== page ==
Most backcountry enthusiasts won’t give up their secret powder stashes.

Colorado Mountain School ski guide Andrew Councell says he’d gladly share some of his — it’s just tough to tell skiers where to turn right at that one funny tree.

Instead, Councell offers five accessible spots that aren’t too tough to find. You’ll find fellow skiers at these areas, but they’re great places to start seeking out backcountry fun.

Note: Always check conditions reports at the Colorado Avalanche Information Center before heading into the backcountry at avalanche.state.co.us; or call the Boulder office for a daily report on the Front Range at 303-499-9650. Councell writes conditions reports for Rocky Mountain National Park at totalclimbing.com.

And remember: Carrying and knowing how to use a beacon, shovel and probe are non-negotiable for backcountry travel, as are educating yourself about avalanches, weather and terrain.

1 Hidden Valley

Rocky Mountain National Park used to have a ski area; it closed in 1991. Now, Hidden Valley is a mellow backcountry spot with lower-angle terrain that’s generally (but not entirely) avalanche-free.

There’s good skiing in the trees below the road, says Councell, and starting there is a good way to access much bigger terrain off the closed section of Trail Ridge Road.

Get there: From RMNP’s Beaver Meadow Visitor Center, follow Trail Ridge Road into the park to signs for Hidden Valley Picnic Area at 6.8 miles. Info: nps.gov/romo

2 Banana Bowls

The northeast side of Rocky Mountain National Park’s Flattop Mountain, dubbed the Banana Bowls (on a map they’re shaped like a banana), offer fun trees and alleys on relatively open slopes up to about 30 degrees. Also check out the short but fun runs on the east face of Flattop. Councell says this area can be raked by wind, but it’s usually a good place to head on high avy-danger days.

Get there: Start from the Bear Lake Trailhead in RMNP. Follow the trail signs for Odessa Lake for about 1.7 miles until you come out of thick forest into open slopes.

Info: nps.gov/romo

3 Tyndall Gorge

Head up Rocky Mountain National Park’s Tyndall Gorge to seek out the park’s more aggressive terrain, specifically the classic Dragon’s Tail Couloirs above Emerald Lake. The main couloir — “That’s the cherry line in the gorge,” Councell says — hits 50 degrees at it’s steepest.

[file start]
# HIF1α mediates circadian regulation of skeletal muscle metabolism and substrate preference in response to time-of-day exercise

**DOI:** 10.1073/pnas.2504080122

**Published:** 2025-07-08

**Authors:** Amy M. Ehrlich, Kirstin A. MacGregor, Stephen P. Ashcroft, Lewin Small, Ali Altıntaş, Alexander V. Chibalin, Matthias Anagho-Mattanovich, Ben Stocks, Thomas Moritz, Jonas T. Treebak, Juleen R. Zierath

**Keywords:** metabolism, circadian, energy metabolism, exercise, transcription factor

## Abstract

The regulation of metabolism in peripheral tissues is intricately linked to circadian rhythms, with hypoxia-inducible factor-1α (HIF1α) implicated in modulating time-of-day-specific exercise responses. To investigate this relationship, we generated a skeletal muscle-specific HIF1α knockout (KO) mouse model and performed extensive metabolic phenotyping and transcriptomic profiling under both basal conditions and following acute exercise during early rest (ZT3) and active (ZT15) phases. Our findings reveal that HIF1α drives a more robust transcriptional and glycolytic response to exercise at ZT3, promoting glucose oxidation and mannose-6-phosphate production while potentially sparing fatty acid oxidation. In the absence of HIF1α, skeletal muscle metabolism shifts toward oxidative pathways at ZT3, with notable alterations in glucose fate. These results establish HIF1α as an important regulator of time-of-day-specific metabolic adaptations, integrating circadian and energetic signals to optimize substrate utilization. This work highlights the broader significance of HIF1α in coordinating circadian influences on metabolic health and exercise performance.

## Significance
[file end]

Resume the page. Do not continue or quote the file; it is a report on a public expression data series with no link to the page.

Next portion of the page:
Also up the gorge, check out the steep tree skiing above Dream Lake, or the Ho Hum/Terrain Park areas off of the Lake Haiyaha trail.

Get there: Start from the Bear Lake Trailhead in RMNP. The winter ski trail skirts the left (south) side of Bear Lake to head toward Dream and Emerald lakes. The Dragon’s Tails are above Emerald Lake, on the south side of Flattop Mountain. Info: nps.gov/romo

4 East Portal of Moffat Tunnel

When it’s scary to ski elsewhere, the trees east of Rollins Pass — skied to from the trailhead at the Moffatt Tunnel — are usually safe. It’s low angle, but there are good shots with drops and cliffs. The ski out is like a luge, says Councell.

“You’re bombing down this track through the trees — it’s fun!”

Get there: From Rollinsville (about 5 miles south of Nederland), take East Portal Road west 8 miles to the trailhead near the tunnel. Follow the trail signs for Rollins Pass for about 4 miles to the glades.

Info: fs.fed.us/r2/arnf/recreation/wilderness/indianpeaks

5 Butler Gulch

This is bigger terrain, good freeskiing, so a stable snowpack is required to ski the 35-degree (and greater!), east-facing slopes in the Berthoud Pass area. But when conditions are right, skiers can head up a ridge and come right down a face, Councell says.

And don’t be alarmed by congestion at the trailhead with snowmobilers — they’re not allowed where you’ll ski.

Get there: From Empire, take U.S. 40 west to the first switchback up to Berthoud Pass, then head straight on Henderson Mine Road to a parking area on the right near the mine entrance. Skin up Jones Pass Road for .25 mile to Butler Gulch Trail.